Gap in home loan rates continues to widen

by Madelin Tomelty01 Dec 2016
There is a concerning gap that has emerged between the nation’s most expensive and most affordable residential mortgage rates of nearly 240 basis points, the Australian Financial Review (AFR) has reported, with many lenders blaming costly underwriting and regulatory changes for the discrepancy.

The gap between the cheapest and most expensive rates for a residential property ranges from 238 basis points for a standard variable, owner-occupier loan (from 3.35% to 5.73%) to 135 basis points for a three-year, owner-occupier fixed interest loan. The gap for owner occupied fixed rate loans spreads to 170 basis points for five-year terms. 

The result of this gap is that borrowers buying investment properties could pay 224 basis points more for the most expensive than the cheapest standard variable loan. The gap on one to five year fixed investor loans ranges from 148 basis points to 181 basis points. 

This increasing variation between affordable and expensive home loan rates is coming as a surprise to many borrowers, according to brokers and bankers, given the cash rate is at an all-time low of 1.5%, and many lenders’ advertised fixed term products sit at under 4%.

However, many economists are now predicting the Reserve Bank of Australia to raise interest rates next year, and the increasing regulatory changes and threat of market volatility may have the banks fretting over their balance sheets.

Firstmac and loans.com.au, U Bank, Beyond Bank, ME bank, ING, Bank of Sydney and WA-based P&N Bank have all already raised their fixed rates on certain loan products, with the banks citing “the rising cost of funds” as the cause for the hikes. More lenders are also expected to review and reassess their rates – both fixed and variable – in an effort to grow market share.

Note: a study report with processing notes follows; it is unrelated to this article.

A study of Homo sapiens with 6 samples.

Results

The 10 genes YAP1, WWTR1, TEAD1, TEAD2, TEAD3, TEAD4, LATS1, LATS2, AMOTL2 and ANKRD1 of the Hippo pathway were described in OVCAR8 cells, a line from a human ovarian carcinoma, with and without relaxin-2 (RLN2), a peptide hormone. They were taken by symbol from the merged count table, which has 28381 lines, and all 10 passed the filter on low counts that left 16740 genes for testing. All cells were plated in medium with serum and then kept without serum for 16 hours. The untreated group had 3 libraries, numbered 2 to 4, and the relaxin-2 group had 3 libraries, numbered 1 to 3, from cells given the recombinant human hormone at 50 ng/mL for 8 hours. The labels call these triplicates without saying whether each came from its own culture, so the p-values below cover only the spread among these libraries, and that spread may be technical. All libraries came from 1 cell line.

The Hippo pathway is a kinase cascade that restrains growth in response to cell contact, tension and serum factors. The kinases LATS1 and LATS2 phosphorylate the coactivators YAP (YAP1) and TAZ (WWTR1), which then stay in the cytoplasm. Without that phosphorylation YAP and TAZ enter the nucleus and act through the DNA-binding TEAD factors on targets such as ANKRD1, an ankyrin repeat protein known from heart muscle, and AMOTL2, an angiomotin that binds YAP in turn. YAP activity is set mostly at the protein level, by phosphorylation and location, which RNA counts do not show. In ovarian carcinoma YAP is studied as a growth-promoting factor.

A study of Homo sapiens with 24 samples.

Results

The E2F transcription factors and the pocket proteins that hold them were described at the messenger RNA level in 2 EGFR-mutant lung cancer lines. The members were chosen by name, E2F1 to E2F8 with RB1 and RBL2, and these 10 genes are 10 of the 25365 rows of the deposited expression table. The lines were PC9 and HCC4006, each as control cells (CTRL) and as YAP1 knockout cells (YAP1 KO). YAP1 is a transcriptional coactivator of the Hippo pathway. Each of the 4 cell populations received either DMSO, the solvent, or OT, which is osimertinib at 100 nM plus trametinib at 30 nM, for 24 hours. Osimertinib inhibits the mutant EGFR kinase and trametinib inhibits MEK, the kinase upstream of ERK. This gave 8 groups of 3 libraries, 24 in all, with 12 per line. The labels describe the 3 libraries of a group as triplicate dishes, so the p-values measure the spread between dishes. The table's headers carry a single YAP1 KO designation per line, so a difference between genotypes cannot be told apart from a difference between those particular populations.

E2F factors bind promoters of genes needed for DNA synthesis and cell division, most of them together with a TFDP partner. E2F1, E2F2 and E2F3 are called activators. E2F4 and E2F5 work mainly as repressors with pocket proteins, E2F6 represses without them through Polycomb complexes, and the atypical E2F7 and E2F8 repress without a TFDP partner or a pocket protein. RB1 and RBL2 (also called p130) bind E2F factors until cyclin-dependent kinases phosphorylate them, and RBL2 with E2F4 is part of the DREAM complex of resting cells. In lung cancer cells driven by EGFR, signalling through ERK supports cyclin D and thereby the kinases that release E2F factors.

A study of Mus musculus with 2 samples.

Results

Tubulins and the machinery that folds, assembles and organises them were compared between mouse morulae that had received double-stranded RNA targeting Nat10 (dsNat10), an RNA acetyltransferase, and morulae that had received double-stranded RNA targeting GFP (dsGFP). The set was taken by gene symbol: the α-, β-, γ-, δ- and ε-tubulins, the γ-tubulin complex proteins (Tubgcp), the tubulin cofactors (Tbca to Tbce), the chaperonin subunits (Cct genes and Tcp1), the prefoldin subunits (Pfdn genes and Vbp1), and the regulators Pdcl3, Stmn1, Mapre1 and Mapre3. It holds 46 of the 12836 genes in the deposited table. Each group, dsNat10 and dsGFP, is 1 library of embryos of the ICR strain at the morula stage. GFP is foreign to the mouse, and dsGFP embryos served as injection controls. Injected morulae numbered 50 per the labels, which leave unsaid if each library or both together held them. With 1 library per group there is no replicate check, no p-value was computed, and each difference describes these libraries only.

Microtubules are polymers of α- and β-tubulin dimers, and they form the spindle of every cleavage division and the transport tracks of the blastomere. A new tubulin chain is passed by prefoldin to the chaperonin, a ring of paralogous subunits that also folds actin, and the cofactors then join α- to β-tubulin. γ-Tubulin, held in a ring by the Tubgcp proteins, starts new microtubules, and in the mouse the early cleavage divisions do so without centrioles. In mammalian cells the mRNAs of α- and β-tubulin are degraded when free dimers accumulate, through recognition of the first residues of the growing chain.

John Flavell, chief executive of Mortgage Choice, told the AFR: "It is an unprecedented shift for the jaws to open so widely in such a short time. We are seeing a definite shift in long term rates. The bottom of the market has probably passed."

The last time a gap of this magnitude in basis point terms existed in Australia was during the interest rate spike of the late 1980s. Given the official cash rate is now drastically lower, the mortgage rate discrepancies are particularly significant.

"Those that are not in a position to raise cost-effective fixed rate funding will need competitive offers in variable rates," said Stephen Mickenbecker, Canstar group executive. "Others will compete on fixed rates, rather than variable, because reduction in variable is more likely to be passed onto existing borrowers."

Lenders have increasingly been tightening their lending as they try to reduce risk and mitigate potential market volatility by increasing deposits, not lending in ‘high risk’ suburbs such as central business districts and inner suburban areas, as well as a continued clampdown on lending to foreign investors.

Martin North, principal of Digital Finance Analytics, believes that expectations of capital markets having to partly fund US tax cuts and fiscal expansion being proposed by president-elect Donald Trump are driving the increases. In the United States, mortgage rates have jumped by more than 50 basis points since the election in November. 
 
"This is further confirmation of a significant reversal in mortgage rates, thanks to the changed yield curve," North told the AFR.

He added that in Australia, most households are on a variable rate, so any upward movement in mortgage rates is bound to have an immediate negative impact on mortgagors.

AFG’s managing director, Brett McKeon also told the AFR that he isn’t surprised by the rate changes emerging, stating that the widening gap is a result of the underlying market changes that have been developing over the past 15 months.